Analysis of phenotypic and environmental factors associated with identified genetic variants in skin cancer.

Principal Investigator: Dr Kavita Sarin
Approved Research ID: 92702
Approval date: March 29th 2023

Lay summary

Skin cancer is the most common human malignancy with rising incidence rates. We are focused on understanding the genetics behind skin cancer (both melanoma and non-melanoma) to develop new targeted therapies. We have made significant progress in identifying specific genetic variants that play a role in squamous cell carcinoma, basal cell carcinoma, melanoma, and other cancer-associated skin diseases. The aims of this project are to use the UK Biobank to 1) validate the impact of genetic variants associated with skin cancer, 2) explore how cancer-related variants effect associated phenotypes such as frequency, coloration, and size of cutaneous lesions, 3) understand how environmental exposures may modulate the effect of genetic variants on skin cancer, and 4) identify if identified genetic variants increase the risk for other malignancies. We will study variants from different skin diseases separately using statistical tests to determine their association with phenotypic, environmental, and biomarkers measurements. Reviewing evidence from the UKBiobank will increase our confidence regarding which variants may serve as potential therapeutic targets to improve skin cancer outcomes.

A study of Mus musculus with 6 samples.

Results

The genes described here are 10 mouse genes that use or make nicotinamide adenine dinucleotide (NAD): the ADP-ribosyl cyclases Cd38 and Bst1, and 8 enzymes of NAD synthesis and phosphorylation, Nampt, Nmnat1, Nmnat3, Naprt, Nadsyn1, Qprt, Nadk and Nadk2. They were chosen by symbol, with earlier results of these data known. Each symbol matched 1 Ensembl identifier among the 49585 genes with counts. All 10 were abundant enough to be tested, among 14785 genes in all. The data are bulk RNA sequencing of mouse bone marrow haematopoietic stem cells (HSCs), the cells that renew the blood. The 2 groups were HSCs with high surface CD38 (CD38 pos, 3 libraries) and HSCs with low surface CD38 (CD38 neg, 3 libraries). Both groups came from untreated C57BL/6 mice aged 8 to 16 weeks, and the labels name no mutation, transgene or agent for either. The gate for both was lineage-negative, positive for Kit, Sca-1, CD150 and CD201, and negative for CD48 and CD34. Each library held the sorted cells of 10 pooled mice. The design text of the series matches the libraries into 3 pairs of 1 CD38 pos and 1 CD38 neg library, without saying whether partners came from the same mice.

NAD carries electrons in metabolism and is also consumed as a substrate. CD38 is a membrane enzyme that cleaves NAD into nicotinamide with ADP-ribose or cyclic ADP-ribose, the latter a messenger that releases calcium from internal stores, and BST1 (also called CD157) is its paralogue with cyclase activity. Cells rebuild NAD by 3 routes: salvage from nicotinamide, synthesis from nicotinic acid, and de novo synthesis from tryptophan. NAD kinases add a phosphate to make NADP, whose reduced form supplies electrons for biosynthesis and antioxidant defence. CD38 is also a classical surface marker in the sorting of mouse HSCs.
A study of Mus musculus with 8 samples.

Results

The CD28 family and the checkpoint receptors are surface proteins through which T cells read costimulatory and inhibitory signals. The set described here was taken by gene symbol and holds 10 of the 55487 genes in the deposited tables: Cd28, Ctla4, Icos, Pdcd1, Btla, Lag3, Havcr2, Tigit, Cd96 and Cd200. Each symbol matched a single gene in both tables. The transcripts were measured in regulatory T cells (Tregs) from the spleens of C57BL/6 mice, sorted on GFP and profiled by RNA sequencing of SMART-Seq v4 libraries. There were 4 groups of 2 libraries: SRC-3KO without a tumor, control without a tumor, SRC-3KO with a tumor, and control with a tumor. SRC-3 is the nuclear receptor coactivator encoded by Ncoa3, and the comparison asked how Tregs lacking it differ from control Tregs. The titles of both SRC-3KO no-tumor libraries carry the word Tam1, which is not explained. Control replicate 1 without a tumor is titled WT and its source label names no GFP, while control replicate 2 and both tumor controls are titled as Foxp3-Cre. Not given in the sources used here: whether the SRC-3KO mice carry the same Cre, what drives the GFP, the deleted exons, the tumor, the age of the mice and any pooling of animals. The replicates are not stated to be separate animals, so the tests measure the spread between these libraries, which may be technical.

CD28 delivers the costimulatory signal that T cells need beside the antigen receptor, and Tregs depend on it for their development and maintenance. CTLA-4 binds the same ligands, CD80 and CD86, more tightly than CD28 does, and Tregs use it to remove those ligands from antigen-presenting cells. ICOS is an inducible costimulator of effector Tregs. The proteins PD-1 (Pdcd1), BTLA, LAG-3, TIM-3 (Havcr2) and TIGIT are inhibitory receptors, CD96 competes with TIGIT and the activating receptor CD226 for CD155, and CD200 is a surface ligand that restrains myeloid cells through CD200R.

Results from our analyses will guide subsequent functional experiments aimed at understanding which downstream signaling pathways are affected, and how these variants synergize with known oncogenic pathways (i.e., p53, ATK, MAPK pathways). Because this project involves multiple studies focused on different skin diseases, we request data access for the maximum project duration of 36 months.

The public health impact of this project is to extend our understanding of skin cancer genetics and improve our annotation of specific genetic mutations enriched in skin cancer. Furthermore, the proposed project will enable us to identify druggable targets, thereby facilitating the development of new therapeutics to improve skin cancer outcomes.